Germany and America once had a close relationship. Seventy-one years ago this week, Gen. George Marshall unveiled his plan to flood Europe with American cash. Now the two sides are involved in a war of words and even a trade war. What went wrong?
Since U.S. President Donald Trump took office, the sentiment in Europe, and especially in Germany, has been to move out from underneath the American umbrella and to take the fate of Europe into its own hands. This sentiment is paving the way for massive political reform in Europe.
This week’s media obsession is over whether or not President Donald Trump views himself as being above the law. The controversy arose after a recent tweet, in which he stated, “I have the absolute right to pardon myself.”
England’s youth are no longer proud of their nationality, the United States media continues to undermine the good that has come from the Trump administration, Obama-era scandals continue to come to light, and Europe is looking for its own “Donald Trump” to strengthen and militarize the Continent.
President Donald Trump has proved himself willing to take a strong stand against anti-American forces.
Many in the mainstream media are criticizing President Donald Trump over his supposed attack on the free press and their First Amendment rights. While there is no doubt that the president has been critical of the media over the inaccuracy of their reporting, he has not infringed on any of their rights—unlike his predecessor.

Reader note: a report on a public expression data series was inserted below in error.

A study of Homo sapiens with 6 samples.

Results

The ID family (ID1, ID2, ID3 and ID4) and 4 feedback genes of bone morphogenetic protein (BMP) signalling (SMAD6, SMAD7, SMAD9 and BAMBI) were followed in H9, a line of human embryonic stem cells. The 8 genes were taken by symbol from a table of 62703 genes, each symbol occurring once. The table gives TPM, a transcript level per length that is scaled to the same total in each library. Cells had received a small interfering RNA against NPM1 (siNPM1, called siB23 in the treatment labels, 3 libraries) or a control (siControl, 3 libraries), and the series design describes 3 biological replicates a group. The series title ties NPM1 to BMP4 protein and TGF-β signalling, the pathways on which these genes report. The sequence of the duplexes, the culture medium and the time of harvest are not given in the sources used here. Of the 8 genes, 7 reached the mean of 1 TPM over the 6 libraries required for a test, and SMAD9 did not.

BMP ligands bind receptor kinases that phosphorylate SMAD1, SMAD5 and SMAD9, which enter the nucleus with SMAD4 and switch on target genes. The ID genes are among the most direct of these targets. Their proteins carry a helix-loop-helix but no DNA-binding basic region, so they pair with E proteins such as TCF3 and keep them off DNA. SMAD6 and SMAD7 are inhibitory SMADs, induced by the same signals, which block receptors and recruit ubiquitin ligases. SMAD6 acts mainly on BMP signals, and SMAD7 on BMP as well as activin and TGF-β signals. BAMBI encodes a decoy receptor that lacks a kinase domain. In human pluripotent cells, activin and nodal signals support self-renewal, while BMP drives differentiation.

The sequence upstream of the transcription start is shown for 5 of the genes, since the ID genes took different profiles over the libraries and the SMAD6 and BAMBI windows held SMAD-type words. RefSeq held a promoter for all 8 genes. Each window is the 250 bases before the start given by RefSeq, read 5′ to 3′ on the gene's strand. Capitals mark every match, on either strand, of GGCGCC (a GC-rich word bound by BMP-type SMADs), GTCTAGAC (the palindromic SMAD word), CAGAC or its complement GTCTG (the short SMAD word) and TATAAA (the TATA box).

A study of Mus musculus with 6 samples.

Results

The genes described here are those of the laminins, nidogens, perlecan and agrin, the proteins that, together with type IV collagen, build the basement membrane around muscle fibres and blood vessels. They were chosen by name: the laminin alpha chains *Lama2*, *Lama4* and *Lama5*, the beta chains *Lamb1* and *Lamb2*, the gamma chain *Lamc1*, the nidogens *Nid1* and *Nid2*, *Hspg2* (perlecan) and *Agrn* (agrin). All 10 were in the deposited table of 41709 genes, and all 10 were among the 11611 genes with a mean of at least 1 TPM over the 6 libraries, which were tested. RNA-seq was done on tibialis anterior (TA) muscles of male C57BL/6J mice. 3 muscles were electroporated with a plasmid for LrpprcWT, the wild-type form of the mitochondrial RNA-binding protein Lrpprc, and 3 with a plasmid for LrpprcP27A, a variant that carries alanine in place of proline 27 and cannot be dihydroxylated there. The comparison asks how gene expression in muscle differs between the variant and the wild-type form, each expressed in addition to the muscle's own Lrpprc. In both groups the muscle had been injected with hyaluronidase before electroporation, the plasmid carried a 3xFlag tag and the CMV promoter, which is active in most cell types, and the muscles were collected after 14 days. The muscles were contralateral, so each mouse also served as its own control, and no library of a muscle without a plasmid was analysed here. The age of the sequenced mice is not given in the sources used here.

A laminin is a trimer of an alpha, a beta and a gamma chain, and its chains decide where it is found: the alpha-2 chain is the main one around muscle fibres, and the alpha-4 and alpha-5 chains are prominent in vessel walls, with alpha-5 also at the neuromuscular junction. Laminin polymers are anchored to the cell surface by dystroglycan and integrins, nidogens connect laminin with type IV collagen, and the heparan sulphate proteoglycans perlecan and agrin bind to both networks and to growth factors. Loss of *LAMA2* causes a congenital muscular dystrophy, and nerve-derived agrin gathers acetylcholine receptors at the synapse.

In Britain, harsh “austerity” measures are changing everything—so said the New York Times in a front-page article earlier this week. While the United States media condemns so-called austerity measures in other nations, it completely overlooks the obvious failures brought on by reckless government spending in American cities like Seattle and San Francisco.
The United States is more divided than at any time since the Civil War. Just look at the way the mainstream media have covered the last two U.S. presidents.
As divisive as the Iran nuclear deal is, there is one aspect of the deal everyone seems to agree on.
On today’s program, we draw on lessons from Britain's critical history. At the end of the show, we conclude with a Bible study on one crucial key to being an effective workman.